Want to Get Money From Mark Cuban? Here's How.
He can be bold and brash, but Mark Cuban is one of those rare entrepreneurs-turned-investors who can steer a new startup toward success. He juggles an ever-growing portfolio of businesses that now tops 80 ventures and sits as a judge on TV’s Shark Tank, a reality show where aspiring entrepreneurs pitch experts for investment.
So, how do you convince the Dallas Mavericks owner, worth an estimated $2.5 billion, to invest to your next big idea? “I look for unique products and companies that can be game changers in some cases or strategic to a theme I like or to another portfolio company,” Cuban wrote in an email to Entrepreneur.
Cuban’s business partners had additional insights. We reached out them to share the successful strategies that give you an edge.
Let him know he’s needed—but not necessary. There are breaks. Then there are big breaks. When the four Harvard Business School MBA students who created HourlyNerd were invited to appear on Shark Tank, it seemed like a sure-fire way to raise the profile of their low-cost financial advisory firm that now links more than 900 business school grads to over 300 businesses.
But one of HourlyNerd’s first funders wanted to close out of his investment last summer, and the venture wasn’t scheduled to appear on Shark Tank until the fall. So the company’s co-founders backed out of the TV opportunity, cashed out the investor and decided to connect with Cuban another way: by cold emailing him instead.
They had already secured more than $1 million in commitments from family, friends and Harvard alumni—and emphasized as much in their email—then asked Cuban if he’d be open to providing his guidance. Cuban responded within about 15 minutes, says co-founder Rob Biederman. And not only did he offer unique advice, such as rolling out a service where business owners could pay a fee to chat with grads on-demand, but Cuban also ended up committing $450,000.
The key to HourlyNerd’s success? “We went out in the market trying to raise [money] before we spoke to Mark,” says Biederman.
“He’s pretty succinct and likes to be to-the-point,” says Lyons of Cuban. “That was the strategy for reaching out to Mark.”
Lyons’ first email was just one paragraph long, while others have said their most successful notes were written almost entirely in bullet points. Subsequent email exchanges between Lyons and Cuban, which lasted just a few weeks, included questions about how Zebra would grow its business and what it had already accomplished in the marketplace. “Mark, in particular, is not big on talking,” says Lyons, who won’t disclose how much Cuban has invested but, so far, has garnered about $4.5 million for Zebra Insurance. “He likes to see execution: We shared our progress, we showed him what he had done.”
Do what you do best…Sometimes some good ol’ fashioned hustling can bring Cuban to you. Darin Alpert, 28, joined FindMeGlutenFree.com as its chief operating officer a couple of years ago when the site was attracting up to 500 downloads a day for its app, which links consumers to restaurants with gluten-free menus. Cuban, who had invested in a chain of pizzerias known for its gluten-free crust, stumbled upon Find Me Gluten Free and sent an email stating that he was interested in advertising with the startup.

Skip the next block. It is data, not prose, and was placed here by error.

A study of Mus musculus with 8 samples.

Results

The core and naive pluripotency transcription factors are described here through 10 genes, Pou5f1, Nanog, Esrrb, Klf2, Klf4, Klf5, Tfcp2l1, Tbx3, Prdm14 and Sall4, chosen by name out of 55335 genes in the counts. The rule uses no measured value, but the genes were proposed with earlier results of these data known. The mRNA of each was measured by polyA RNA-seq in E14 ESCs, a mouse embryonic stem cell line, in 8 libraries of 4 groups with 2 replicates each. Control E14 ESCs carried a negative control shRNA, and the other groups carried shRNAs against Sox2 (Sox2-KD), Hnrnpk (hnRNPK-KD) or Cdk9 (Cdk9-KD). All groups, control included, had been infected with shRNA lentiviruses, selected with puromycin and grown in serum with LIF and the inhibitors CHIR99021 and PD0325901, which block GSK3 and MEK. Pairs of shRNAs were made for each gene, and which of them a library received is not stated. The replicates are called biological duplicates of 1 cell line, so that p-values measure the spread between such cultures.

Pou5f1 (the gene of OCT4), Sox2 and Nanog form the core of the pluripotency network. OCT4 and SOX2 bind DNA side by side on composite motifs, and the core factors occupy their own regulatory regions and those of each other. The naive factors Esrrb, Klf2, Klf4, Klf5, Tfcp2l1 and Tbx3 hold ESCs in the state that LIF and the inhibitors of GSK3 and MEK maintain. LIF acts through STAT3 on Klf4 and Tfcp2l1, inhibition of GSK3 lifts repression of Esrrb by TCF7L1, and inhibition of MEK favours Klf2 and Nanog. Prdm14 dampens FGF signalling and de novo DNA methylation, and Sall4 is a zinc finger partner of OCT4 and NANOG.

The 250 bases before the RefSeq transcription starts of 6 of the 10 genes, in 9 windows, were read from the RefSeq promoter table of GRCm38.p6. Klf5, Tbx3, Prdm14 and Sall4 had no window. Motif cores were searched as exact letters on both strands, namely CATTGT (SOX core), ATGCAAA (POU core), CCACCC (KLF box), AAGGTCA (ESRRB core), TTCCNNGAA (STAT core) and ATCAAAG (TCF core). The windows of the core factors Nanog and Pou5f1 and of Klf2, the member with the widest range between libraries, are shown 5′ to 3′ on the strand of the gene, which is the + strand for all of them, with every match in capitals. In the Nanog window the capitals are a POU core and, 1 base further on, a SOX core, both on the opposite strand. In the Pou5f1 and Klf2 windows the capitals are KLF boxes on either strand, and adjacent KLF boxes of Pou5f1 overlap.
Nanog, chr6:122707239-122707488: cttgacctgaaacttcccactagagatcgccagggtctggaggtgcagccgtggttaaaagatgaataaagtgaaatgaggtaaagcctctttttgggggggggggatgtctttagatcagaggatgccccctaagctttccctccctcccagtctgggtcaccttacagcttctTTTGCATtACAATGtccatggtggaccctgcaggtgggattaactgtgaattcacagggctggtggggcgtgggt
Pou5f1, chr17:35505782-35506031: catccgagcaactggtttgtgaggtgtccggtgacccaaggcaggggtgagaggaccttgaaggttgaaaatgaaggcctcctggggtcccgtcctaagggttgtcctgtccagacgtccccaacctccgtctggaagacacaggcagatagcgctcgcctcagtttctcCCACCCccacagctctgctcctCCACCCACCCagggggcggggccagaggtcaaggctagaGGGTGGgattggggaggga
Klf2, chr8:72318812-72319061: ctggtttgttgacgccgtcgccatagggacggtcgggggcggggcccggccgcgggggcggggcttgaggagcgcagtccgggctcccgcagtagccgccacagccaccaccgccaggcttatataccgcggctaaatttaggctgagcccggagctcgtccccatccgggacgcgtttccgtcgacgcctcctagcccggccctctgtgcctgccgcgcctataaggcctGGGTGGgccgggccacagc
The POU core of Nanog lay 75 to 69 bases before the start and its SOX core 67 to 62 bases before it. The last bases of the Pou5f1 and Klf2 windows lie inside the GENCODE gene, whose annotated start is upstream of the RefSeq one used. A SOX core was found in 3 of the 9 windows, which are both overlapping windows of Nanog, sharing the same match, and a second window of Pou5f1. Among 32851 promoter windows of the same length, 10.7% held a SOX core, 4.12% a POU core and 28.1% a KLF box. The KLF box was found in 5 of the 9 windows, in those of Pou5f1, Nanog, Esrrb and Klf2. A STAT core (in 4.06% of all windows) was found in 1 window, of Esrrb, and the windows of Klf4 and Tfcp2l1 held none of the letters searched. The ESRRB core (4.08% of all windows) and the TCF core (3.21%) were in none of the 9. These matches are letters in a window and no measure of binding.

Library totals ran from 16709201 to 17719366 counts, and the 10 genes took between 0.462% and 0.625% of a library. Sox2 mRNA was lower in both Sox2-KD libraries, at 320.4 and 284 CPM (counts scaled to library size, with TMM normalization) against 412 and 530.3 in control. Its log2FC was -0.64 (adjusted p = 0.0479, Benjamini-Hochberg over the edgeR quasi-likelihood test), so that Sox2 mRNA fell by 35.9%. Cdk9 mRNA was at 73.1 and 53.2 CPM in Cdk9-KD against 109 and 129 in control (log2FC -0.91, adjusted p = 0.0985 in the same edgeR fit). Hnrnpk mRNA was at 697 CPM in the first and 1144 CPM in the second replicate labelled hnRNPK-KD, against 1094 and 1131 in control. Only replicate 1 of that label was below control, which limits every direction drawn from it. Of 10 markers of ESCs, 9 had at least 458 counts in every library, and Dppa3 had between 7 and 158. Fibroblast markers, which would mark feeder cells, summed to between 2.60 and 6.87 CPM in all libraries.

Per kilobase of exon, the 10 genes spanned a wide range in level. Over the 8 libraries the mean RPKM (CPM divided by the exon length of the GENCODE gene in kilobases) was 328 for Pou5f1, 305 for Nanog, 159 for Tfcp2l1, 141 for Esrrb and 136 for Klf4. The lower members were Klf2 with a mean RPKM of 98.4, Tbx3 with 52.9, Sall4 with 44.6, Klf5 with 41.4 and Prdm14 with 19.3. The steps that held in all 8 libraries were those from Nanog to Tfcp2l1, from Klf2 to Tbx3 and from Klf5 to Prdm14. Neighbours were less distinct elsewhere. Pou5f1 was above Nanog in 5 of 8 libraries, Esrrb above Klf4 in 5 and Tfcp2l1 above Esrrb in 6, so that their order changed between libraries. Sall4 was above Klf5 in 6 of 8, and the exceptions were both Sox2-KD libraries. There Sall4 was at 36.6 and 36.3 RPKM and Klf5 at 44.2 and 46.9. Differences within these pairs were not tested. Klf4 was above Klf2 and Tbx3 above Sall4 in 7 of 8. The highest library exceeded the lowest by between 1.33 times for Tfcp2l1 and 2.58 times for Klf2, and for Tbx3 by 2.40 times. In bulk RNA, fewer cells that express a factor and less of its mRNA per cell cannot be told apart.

The two sides were soon trying to strike a couple of deals. Cuban agreed to advertise his pizzeria for three years, though before he would agree to make his own investment in Find Me Gluten Free he wanted additional details on how Alpert and his team were valuating their company. “We didn’t have any revenue coming in, so it was tough to value,” acknowledges Alpert, who factored in the company’s user base, number of daily app downloads, success with search engine optimization and how much it would have cost to have someone else build everything instead of the company’s founder, Jason Elmore.
“It was pretty straight forward: He proposed. We responded. He agreed,” says Alpert, who wouldn’t disclose the investment details and ultimately left Find Me Gluten Free after a larger company acquired it last year. “Everything was done over email and one, 20-minute phone call.”
…And be ready to respond. It was a similar story for Jared Tangney, who co-founded Electrozyme, which develops wearable bio sensors that analyze sweat to provide feedback about a person’s hydration and exertion levels when they exercise. Alpert (who is friends with Tangney) flagged the startup a couple of years ago to Cuban, who then signed up to Electrozyme’s email blast to learn more about the venture.According to Tangney, Cuban then followed up with an email to discuss details about the company’s approach, such as whether it had conducted a market analysis about target customers or validated the technology in published papers. “We went back and forth on email, and then he asked, ‘Are you looking for an investment?’” recalls Tangney. “That’s how we got started.”
Neil Parmar's work has been published in The Wall Street Journal, SmartMoney Magazine, The Huffington Post and Psychology Today, and he's been interviewed on CNN, ABC News, Fox News and radio shows in the U.S. and U.A.E. In 2012, former President Bill Clinton announced that Parmar was among one of three winning teams, out of 4,000 applicants, who won the Hult Global Case Challenge and $1 million to help SolarAid, Habitat for Humanity and One Laptop per Child. Most recently, Parmar was an assistant business editor and writer for The National, a newspaper based in the Middle East.